Okay, first off...I love this cover!
Judge Laurel Kincaide is running for chief judge of Alabama. If elected she’ll make history as the first woman to fill that role. To get there she has to survive the primary. Cole McGaughan is a religion reporter sent south to cover the campaign. The only problem, the secret in her past is tied directly to him. Their ambition is on a collision course with that secret.
In this book, author Elizabeth White paints a vibrant picture of the south and politics. Each time the book threatened to fall into a cliché, she managed to write beyond it. And each time I anticipated where the plot headed, she managed to keep me interested anyway.
As an attorney, I’m always leery of books set in a legal environment that are written by non-attorneys. The author handles those risks very well. The limited scenes actually set in a courtroom or in the judge’s chambers are well written with enough details to let me know she’d done her research. The bulk of the focus though is on Laurel’s campaign and the hidden secret from her past. The campaign scenes are well-written with a finessed sense of humor evident – particularly in the scene at the chicken festival.
Laurel is surrounded by a cast of family and friends that are well-fleshed out. They each add something to the plot and avoid becoming cardboard cut-outs. “Stick mom on stage left and baby sister on stage right.” Cole’s friend Matt provides a nice foil and elevates the conflict several notches. He has a satisfying character arc that makes the book even stronger.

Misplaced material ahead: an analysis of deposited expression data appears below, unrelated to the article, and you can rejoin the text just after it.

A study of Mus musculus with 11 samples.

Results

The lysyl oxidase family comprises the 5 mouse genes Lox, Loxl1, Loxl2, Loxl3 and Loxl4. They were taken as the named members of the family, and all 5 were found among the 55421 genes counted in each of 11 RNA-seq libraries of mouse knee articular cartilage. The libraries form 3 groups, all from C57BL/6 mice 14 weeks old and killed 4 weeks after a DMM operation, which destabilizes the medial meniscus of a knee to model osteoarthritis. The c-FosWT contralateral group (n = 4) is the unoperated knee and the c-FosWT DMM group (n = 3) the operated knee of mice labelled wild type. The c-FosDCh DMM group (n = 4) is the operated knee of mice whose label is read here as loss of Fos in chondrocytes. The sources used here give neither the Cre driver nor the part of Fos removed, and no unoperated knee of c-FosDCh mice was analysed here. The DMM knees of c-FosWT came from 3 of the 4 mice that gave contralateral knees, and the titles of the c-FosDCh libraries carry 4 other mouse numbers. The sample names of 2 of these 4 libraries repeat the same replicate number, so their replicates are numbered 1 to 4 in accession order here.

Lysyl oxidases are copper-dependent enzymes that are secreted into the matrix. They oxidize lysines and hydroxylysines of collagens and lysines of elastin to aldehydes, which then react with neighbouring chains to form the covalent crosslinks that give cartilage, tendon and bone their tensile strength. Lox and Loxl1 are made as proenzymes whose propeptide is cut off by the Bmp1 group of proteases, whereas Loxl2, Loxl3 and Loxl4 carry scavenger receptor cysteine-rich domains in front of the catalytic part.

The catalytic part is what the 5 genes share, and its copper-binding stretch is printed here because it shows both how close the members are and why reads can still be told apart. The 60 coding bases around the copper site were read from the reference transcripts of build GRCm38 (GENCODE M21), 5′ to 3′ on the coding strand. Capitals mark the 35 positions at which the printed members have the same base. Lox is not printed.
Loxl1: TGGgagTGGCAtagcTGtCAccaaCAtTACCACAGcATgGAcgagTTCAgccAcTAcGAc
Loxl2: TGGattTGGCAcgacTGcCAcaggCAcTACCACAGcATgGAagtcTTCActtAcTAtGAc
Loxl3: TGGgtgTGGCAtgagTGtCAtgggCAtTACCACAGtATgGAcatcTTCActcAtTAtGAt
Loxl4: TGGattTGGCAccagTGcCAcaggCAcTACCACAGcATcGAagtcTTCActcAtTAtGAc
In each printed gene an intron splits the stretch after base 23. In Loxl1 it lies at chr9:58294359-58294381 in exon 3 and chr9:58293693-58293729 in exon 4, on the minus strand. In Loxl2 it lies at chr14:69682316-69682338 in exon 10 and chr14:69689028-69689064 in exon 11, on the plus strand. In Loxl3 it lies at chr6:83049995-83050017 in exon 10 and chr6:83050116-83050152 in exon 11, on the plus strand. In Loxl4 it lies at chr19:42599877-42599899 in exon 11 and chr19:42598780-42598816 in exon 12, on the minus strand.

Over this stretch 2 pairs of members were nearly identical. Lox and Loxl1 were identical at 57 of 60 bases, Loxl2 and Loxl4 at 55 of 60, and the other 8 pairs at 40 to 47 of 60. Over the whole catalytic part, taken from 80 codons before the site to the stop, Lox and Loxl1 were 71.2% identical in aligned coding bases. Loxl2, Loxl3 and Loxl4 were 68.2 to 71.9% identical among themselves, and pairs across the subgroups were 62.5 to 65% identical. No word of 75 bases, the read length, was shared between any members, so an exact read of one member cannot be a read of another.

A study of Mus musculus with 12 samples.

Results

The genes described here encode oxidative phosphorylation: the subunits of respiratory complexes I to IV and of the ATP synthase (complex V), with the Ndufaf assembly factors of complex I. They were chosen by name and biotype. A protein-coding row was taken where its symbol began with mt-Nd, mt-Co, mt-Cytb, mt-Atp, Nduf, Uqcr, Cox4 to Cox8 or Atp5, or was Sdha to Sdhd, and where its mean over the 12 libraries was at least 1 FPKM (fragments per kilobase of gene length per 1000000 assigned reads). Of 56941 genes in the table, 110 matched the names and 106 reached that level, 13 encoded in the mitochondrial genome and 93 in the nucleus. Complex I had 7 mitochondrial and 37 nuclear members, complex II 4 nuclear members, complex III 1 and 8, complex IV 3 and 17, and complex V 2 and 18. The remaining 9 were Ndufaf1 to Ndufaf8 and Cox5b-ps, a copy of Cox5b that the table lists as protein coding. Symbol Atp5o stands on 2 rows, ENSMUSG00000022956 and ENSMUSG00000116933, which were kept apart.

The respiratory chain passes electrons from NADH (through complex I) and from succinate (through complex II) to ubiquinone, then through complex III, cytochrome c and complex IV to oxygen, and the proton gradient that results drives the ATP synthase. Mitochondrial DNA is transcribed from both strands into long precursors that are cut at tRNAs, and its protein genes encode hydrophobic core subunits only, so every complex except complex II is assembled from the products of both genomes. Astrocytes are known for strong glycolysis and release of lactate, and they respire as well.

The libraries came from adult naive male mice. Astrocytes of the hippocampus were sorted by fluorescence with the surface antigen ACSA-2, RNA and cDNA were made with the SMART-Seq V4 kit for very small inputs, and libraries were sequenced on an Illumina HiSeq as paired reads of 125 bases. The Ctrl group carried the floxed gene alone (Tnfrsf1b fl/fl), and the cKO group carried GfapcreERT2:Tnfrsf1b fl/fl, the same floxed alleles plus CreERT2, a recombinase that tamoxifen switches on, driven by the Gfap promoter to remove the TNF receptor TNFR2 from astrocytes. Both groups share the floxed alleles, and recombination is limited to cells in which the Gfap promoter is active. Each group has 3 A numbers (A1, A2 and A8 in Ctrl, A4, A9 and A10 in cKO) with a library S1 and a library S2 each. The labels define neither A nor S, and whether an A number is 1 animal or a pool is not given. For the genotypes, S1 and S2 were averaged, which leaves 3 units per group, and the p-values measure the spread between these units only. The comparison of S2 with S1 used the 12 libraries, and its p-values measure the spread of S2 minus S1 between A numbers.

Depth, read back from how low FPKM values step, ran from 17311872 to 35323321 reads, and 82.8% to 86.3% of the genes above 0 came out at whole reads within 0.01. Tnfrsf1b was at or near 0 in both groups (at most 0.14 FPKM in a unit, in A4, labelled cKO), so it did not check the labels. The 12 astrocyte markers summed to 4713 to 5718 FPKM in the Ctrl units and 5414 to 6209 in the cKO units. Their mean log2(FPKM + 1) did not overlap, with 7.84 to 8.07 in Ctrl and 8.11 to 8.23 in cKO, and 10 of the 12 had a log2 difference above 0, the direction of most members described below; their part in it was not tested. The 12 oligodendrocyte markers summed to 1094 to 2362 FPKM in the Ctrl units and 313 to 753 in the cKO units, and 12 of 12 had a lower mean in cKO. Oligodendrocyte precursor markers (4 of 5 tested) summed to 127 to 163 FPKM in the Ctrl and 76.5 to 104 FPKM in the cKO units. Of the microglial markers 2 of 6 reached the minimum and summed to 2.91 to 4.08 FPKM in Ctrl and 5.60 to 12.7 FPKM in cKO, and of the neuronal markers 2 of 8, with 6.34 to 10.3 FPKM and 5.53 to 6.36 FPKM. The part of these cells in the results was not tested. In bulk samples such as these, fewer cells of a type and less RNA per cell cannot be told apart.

The romance between Laurel and Cole was filled with believable conflict from the first page of the book. Their past could keep them apart forever or pull them together. It’s all up to them and whether they’re willing to deal with the fear and baggage of the past.
And the spiritual thread was challenging and incredibly well-written. It flowed from the experiences of the character and fit who they were. It never felt like an after thought shoved into the story to make it fit the Christian market. Instead, it was carefully woven throughout the book and enhanced the plot.
I read this book quickly because the pull of the characters and story was too strong to walk away from. I had to know how it ended. And that ending was very satisfying…even with a twist at the end that touched on overly convenient.
Off the Record is very well written and a great addition to your reading list.